7 November 2012

From YA Highway:

But writing might not be something that matters to the people we marry (or date).

. . . .

But sometimes it can be weird when your spouse just cannot fathom how writing could possibly be fun, and when you want them to be able to be part of this thing that matters so much to you. As a person whose spouse is completely uninterested in writing–and in fiction in general–I have navigated these waters, so I thought that I would share some things I have learned.

1. It’s okay that they don’t care about writing–or even reading. Really, it is. Unless they have an actual interest, there’s no reason to try to force them to understand the wonder that is writing. They have their own hobbies, and it doesn’t lessen their quality as a partner if they don’t care about active sentences and the beauty of a carefully crafted book.

2. You don’t have to tell them everything about your writing, but you should tell them something. I don’t remember exactly when I told my husband that writing was something I did a lot, but I know it was fairly early in our relationship. I couldn’t exactly hide the dozens of notebooks that I have always had in storage bins, drawers, and all over the floor. But the point is, even if they can’t relate to it, your significant other should know about the things that you love, especially a hobby as time consuming and (often) emotionally trying as writing.

Link to the rest at YA Highway


  1. I’ve been writing for over 30 years, and my husband has yet to finish a single story I’ve given him to read. We’ve been married over 25 years, so obviously we’ve found other common interests. :) Writing is a solitary pursuit, so it doesn’t really *have* to be something you share.

  2. I’d say it depends on what you need from a relationship. Personally, I cannot fathom being married to someone who wasn’t a reader and couldn’t relate at all to my writing obsession. My husband doesn’t write (even though I often tell him I think he could if he wanted to) but he has a deep love of story and we are able to talk about books and writing and my stories naturally. He is very encouraging about my writing. He agrees that it is important. And he is the only one I share everything about my stories with. He’ll also be serving as my beta reader and copy editor because he’s perfect for those jobs. It would be very difficult for me to be happy in any other kind of relationship.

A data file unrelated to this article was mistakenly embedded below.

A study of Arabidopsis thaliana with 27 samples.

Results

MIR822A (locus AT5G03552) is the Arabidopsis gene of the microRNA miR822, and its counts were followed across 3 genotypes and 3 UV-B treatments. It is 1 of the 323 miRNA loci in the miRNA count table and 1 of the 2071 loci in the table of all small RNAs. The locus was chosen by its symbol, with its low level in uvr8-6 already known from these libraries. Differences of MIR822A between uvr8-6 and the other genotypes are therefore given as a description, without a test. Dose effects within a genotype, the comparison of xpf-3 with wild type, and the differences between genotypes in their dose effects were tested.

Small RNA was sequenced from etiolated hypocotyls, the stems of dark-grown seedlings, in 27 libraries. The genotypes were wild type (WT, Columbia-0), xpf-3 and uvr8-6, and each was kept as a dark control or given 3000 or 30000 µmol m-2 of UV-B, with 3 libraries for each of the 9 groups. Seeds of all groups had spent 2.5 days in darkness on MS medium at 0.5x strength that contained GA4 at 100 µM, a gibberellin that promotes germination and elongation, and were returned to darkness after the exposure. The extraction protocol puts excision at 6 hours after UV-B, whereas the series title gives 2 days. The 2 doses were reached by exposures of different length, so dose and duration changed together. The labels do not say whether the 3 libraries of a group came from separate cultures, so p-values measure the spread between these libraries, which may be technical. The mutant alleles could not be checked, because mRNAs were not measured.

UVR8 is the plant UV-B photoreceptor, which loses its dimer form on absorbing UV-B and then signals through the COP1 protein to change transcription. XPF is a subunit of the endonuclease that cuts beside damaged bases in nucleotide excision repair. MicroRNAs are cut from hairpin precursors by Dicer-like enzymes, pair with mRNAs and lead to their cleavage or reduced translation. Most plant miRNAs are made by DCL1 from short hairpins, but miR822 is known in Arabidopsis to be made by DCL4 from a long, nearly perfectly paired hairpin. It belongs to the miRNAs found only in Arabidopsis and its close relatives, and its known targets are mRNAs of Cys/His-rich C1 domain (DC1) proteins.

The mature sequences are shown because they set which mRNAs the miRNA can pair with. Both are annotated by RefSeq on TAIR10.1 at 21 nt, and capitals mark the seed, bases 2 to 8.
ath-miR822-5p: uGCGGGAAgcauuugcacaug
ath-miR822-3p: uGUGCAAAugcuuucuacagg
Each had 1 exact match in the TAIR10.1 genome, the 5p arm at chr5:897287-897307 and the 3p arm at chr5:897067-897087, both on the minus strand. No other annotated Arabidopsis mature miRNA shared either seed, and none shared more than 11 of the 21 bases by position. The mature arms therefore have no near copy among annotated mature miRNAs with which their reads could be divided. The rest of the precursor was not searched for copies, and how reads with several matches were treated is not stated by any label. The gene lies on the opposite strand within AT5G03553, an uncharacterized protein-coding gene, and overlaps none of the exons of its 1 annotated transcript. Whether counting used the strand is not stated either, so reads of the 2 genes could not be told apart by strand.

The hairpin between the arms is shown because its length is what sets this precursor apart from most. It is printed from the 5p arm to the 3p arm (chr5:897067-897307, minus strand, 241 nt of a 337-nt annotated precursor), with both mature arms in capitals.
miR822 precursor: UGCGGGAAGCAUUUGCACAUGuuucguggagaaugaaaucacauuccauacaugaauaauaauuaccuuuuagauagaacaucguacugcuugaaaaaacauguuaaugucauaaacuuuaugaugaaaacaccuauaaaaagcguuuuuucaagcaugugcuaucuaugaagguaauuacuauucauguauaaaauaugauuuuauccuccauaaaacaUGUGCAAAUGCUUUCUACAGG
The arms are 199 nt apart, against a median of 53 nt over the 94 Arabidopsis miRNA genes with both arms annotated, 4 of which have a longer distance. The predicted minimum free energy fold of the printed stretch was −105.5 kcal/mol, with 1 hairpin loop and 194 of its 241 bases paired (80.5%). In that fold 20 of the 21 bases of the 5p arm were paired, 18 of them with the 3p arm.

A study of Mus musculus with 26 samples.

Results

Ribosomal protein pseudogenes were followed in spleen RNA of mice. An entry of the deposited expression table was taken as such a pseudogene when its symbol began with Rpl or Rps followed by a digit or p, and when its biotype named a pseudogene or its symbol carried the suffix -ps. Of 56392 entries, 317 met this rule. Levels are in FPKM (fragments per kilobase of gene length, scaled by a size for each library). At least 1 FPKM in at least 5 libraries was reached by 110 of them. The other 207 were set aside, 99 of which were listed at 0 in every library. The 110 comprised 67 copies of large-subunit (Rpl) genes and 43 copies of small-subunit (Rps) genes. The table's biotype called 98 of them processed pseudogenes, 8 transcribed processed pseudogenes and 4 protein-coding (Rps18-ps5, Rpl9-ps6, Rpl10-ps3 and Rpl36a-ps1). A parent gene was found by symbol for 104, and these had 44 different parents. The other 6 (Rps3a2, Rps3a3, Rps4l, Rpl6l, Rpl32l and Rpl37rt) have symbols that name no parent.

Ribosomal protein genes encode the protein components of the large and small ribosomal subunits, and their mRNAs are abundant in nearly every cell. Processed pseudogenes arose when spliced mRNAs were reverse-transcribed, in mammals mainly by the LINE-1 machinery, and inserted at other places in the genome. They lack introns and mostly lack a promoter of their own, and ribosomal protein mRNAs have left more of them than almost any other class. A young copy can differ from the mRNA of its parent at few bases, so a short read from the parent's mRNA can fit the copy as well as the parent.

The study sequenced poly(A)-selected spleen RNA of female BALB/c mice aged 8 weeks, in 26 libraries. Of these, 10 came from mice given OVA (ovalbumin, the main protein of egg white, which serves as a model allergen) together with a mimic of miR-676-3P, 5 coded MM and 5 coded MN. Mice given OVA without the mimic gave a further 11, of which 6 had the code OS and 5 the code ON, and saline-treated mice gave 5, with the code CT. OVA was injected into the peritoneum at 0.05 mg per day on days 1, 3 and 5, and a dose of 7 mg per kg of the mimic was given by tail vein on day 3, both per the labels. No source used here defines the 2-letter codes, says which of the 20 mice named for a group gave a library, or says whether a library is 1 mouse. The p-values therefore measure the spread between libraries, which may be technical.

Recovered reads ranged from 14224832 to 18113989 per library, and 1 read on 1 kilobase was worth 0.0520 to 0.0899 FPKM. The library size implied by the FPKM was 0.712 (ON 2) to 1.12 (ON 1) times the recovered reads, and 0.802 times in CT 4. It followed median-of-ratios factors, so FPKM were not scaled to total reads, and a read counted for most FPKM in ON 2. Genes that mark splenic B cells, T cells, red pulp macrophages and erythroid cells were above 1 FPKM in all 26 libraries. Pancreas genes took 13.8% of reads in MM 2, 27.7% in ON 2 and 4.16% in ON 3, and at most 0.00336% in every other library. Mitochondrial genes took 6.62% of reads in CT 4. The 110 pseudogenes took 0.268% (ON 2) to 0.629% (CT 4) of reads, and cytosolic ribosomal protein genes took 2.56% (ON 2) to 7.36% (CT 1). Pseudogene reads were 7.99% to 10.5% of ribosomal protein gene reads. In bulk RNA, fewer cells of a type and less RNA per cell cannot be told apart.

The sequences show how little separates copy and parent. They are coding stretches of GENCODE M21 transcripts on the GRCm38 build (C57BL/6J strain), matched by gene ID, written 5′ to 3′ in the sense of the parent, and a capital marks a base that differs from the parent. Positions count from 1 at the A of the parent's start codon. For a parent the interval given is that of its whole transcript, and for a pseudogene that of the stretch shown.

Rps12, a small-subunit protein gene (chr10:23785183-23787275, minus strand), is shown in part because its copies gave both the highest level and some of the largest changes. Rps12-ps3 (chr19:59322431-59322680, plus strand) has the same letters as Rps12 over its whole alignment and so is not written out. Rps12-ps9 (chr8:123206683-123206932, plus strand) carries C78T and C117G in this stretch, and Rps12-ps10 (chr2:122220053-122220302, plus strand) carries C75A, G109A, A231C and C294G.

3. I’d be happy if my spouse helped me find more time to write. Between work & family there are too many reasons not to be selfish for an hour or two just to write something no one else may ever read.

  4. I was a non-writing spouse for most of our marriage (things changed in 2005). Since I never wanted a husband who stuck to me like a barnacle, I considered his profession/obsession a bonus. Like being single without having to sniff trails for a date on Saturday night. It’s all about perspective.

  5. I write this over at YA Highway, but I want to give kudos to my husband for what he did:

    In college I started my first novel by scribbling bits and pieces of it on scraps of paper whenever I had a few minutes to myself. By the time I got married, two years after graduation, those slips of paper filled a folder and, stacked together, formed a pile an inch high.

    THen we had kids and, that first summer after my daughter was born, my husband said to me those magic words: “Honey, I think we’re going to be okay this summer, financially. Why don’t you not teach summer school and write that novel you’re always dabbling with?”

    I KNEW there was a reason I married him! That novel (my first) has yet to be published, but I went on and have now pubbed 7 full-length novels and a bunch of novellas in a different genre. Because of him giving me the kick in the pants…and the time…I needed, I can count myself among the published authors.

    Let’s hear it for supportive spouses!

    Diana

  6. What’s a spouse?

  7. My husband is my second reader.

    My first is a picky reader friend who has has tastes similar to mine and who sees all the spots where not enough of the story got out of my head into the computer file. (Some writers are verbose. I’m the opposite and leave out too much.)

    My husband reads my second draft with an eye to pacing and typos. Then both readers get the ms. one more time to assess the success of my revisions.

    As I’ve forged ahead in this new indie world, my husband has gotten ever more interested in it all, to the point where he is now an avid lurker here on PG’s blog. He’ll undoubtedly read this comment. Grin!